Fear is a funny thing, the way that it works in our minds.
But fears are not facts.
Regardless, we allow them to control us without being fully aware of what we’re really afraid of.
Fears often work in the background. And they can work against you in very unproductive ways.
A project I have been working on this year really put me to the test in terms of facing my own fears.
I am a singer-songwriter. It’s something I do for fun. It’s not something I do to make a living. I also play the guitar. I write all of my own music and lyrics.
Creating a song is something I deeply enjoy. I love coming up with the melody and the lyrics, and putting the whole thing together. It’s just something I’m very passionate about. Songwriting fulfills me in a unique way.
The first time I officially entered a ‘real’ studio to record was 2010. I worked with a local band, and I had no idea what I was doing. The product (my songs) that came from that experience turned out fine. But I was not near as confident in my abilities as I am today.
That’s been one of the by-products of facing my fears in terms of putting my music out there which is a very vulnerable thing to do. Each time I do it, I have more courage to do it the next time.
Last year for Christmas, my spouse gave me a really cool gift. It was to go to a singer-songwriter workshop in Nashville to work with a gal named Mary Gauthier (If you’ve never listened to her music, she’s amazing).
I went to her workshop in January and fell in love with the whole process. It was a three-day workshop with a total of twenty students and one professional singer-songwriter instructor.
I loved it so much that I went back four more times this year to work with seasoned singer-songwriters. Each time, I learned something new that I could apply to my own craft.
These workshops tested one of my deepest fears, which is being vulnerable.
At each workshop, I had to get up in front of my peers and the singer-songwriters who were leading us and play one of my songs that would be ‘critiqued’.
I have never been so scared in my entire life. In the beginning workshops, my body would just have this physical response of sweating, shaking and shallow breathing, which is a disaster.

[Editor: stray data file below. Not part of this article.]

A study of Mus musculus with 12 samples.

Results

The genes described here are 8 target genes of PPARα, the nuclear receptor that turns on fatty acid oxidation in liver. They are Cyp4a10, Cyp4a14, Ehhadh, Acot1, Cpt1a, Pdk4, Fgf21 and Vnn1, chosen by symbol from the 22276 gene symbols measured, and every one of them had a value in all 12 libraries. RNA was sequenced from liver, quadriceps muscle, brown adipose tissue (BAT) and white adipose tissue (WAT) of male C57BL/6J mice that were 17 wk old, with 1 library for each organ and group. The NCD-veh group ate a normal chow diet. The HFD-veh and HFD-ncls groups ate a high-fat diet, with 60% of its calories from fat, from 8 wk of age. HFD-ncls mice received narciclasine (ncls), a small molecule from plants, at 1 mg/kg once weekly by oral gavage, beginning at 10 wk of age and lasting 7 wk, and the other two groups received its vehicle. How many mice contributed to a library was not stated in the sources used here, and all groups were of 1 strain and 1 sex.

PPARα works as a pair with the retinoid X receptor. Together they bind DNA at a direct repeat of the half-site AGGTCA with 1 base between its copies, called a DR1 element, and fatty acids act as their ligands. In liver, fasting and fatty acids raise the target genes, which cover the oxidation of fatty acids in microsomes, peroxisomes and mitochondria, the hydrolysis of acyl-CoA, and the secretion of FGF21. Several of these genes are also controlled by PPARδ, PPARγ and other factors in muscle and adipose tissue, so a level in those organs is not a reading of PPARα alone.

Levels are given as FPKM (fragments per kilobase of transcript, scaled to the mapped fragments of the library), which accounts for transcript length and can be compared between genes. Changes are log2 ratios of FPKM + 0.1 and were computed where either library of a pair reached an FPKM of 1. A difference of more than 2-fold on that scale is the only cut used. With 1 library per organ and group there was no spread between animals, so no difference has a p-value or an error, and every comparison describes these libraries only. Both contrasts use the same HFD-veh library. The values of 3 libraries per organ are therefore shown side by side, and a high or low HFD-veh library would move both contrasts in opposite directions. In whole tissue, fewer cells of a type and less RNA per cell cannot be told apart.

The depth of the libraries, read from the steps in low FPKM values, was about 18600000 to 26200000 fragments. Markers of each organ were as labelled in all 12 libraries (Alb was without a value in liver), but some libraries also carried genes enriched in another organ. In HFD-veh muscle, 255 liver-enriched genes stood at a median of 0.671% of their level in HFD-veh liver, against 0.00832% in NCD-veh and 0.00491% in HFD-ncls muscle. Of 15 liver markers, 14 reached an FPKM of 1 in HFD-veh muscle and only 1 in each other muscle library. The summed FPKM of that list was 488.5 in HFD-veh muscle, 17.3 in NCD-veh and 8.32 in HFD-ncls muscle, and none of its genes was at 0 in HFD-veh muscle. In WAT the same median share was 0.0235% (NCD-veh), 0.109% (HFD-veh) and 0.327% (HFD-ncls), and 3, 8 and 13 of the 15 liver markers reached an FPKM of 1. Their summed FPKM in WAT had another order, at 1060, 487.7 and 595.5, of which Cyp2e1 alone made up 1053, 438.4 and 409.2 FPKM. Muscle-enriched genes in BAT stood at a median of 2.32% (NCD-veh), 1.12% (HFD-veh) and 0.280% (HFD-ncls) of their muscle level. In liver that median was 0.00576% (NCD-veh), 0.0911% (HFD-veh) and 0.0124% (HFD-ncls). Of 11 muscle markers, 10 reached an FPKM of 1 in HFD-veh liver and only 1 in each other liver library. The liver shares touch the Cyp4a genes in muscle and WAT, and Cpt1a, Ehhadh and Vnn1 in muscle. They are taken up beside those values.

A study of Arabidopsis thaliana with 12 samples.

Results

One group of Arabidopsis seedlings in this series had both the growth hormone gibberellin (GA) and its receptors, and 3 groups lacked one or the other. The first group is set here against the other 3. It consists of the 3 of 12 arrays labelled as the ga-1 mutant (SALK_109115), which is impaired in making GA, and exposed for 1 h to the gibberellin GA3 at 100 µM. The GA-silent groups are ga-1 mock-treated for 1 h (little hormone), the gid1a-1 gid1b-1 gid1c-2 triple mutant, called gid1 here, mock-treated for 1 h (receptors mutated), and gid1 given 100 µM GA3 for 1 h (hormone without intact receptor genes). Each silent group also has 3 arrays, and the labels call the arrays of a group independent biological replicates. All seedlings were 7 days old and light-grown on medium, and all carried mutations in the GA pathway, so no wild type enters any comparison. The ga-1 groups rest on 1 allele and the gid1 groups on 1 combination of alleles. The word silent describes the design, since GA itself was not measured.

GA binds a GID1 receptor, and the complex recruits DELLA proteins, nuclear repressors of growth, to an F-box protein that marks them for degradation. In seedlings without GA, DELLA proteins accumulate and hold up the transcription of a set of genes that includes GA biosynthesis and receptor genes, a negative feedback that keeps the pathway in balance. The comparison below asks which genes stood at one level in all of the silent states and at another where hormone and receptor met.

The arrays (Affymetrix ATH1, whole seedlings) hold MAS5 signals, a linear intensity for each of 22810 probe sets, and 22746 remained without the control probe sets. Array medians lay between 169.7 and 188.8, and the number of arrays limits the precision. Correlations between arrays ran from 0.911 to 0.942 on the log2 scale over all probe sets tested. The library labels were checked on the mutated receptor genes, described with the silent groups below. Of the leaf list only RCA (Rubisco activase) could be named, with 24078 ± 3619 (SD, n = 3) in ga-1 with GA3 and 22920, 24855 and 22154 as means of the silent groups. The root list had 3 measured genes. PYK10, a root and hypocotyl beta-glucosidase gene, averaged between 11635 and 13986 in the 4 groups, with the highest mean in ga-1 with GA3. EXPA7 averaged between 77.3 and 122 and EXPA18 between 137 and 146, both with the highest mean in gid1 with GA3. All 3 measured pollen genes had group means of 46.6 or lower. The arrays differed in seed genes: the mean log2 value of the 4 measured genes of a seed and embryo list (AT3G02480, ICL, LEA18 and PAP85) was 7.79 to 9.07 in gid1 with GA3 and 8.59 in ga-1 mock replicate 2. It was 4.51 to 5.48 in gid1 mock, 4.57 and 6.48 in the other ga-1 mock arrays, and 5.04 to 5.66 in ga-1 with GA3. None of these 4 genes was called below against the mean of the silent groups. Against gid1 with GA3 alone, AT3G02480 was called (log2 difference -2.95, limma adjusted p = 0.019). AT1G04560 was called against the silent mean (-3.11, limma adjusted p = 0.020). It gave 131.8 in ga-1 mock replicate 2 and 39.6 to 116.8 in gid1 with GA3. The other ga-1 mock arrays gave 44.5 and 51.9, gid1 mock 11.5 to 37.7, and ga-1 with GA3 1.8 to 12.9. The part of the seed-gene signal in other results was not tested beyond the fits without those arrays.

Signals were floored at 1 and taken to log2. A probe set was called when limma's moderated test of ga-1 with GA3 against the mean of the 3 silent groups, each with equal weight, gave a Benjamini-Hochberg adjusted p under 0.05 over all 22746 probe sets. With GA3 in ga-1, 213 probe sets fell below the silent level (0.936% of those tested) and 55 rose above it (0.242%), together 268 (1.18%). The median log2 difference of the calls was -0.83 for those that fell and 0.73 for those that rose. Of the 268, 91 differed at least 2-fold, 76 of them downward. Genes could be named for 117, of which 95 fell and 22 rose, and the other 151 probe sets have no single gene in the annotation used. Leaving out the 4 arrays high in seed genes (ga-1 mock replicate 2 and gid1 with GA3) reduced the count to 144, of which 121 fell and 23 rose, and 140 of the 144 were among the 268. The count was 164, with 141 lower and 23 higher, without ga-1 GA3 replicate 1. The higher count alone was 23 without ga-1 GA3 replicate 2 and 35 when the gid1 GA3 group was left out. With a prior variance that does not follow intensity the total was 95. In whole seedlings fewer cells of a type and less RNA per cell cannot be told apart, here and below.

Trust me, you can’t sing if you can’t breathe. And you can’t play the guitar if you’re shaking!
I’ve been on a stage many times as a speaker. I was even a high school teacher for two years!
I’m typically not scared at all of speaking in front of a crowd. But sharing a personal piece of me (my songs) while having to sing and play simultaneously in front of my peers and professionals is just a different ball of wax. There are so many variables at play!
For the first three workshops, I got up there and really bombed. I mean, I was terrible. Even I was embarrassed for me!
But then something strange happened. Once I realized that I wasn’t going to die performing my songs, each time it got a little bit easier.
The reality is that the worst that can happen to me is I can mess up, forget my words, or have to stop and start again. Once my brain was able to understand this, it helped to ease my nerves.
Something else happened along this songwriting journey. My goal changed. Now I wanted to go from amateur to pro. I wanted to be really good!
The only way to make that happen was to push through it each time as painful as it was until it wasn’t so painful anymore.
You’ll have to listen to this episode if you want to hear about the homeopathic spray I used to calm my physical nerves! Wow, was it a life-saver.
This fear experience required me to put myself in a situation where I was deeply afraid and uncomfortable. And the benefits that have come from it have been incredible.
The relationships I’ve built, the music I’ve been able to create, and the confidence I’ve gained in my ability to perform in front of a live audience, are some of those benefits.
I’ve also written the best songs of my life (so far) as a result of what I learned.
Recently I recorded my second ever album in Austin, Texas. I feel great about this record because I was able to bring my new level of confidence into the studio this time. And I think it’s really going to pay off.
Here are 4 tips that I learned about overcoming your fears:
- Be aware of and acknowledge your fear
- Put yourself out there in the uncomfortable situation
- Practice, practice, practice
- Keep your eye on the prize
Remember, fear can run in the background and direct your mind. That fear is not factual. It’s something you’ve made up because of an experience in your life.
Your fears are not real. You can defeat them if you are courageous.
I’ll tell you this. When you follow these four steps, you are going to be 10x ahead of all those people who are sitting on the sidelines watching. Get in the game. You can’t compete, you can’t play if you don’t get in the game.
Now, go out there and conquer your fears!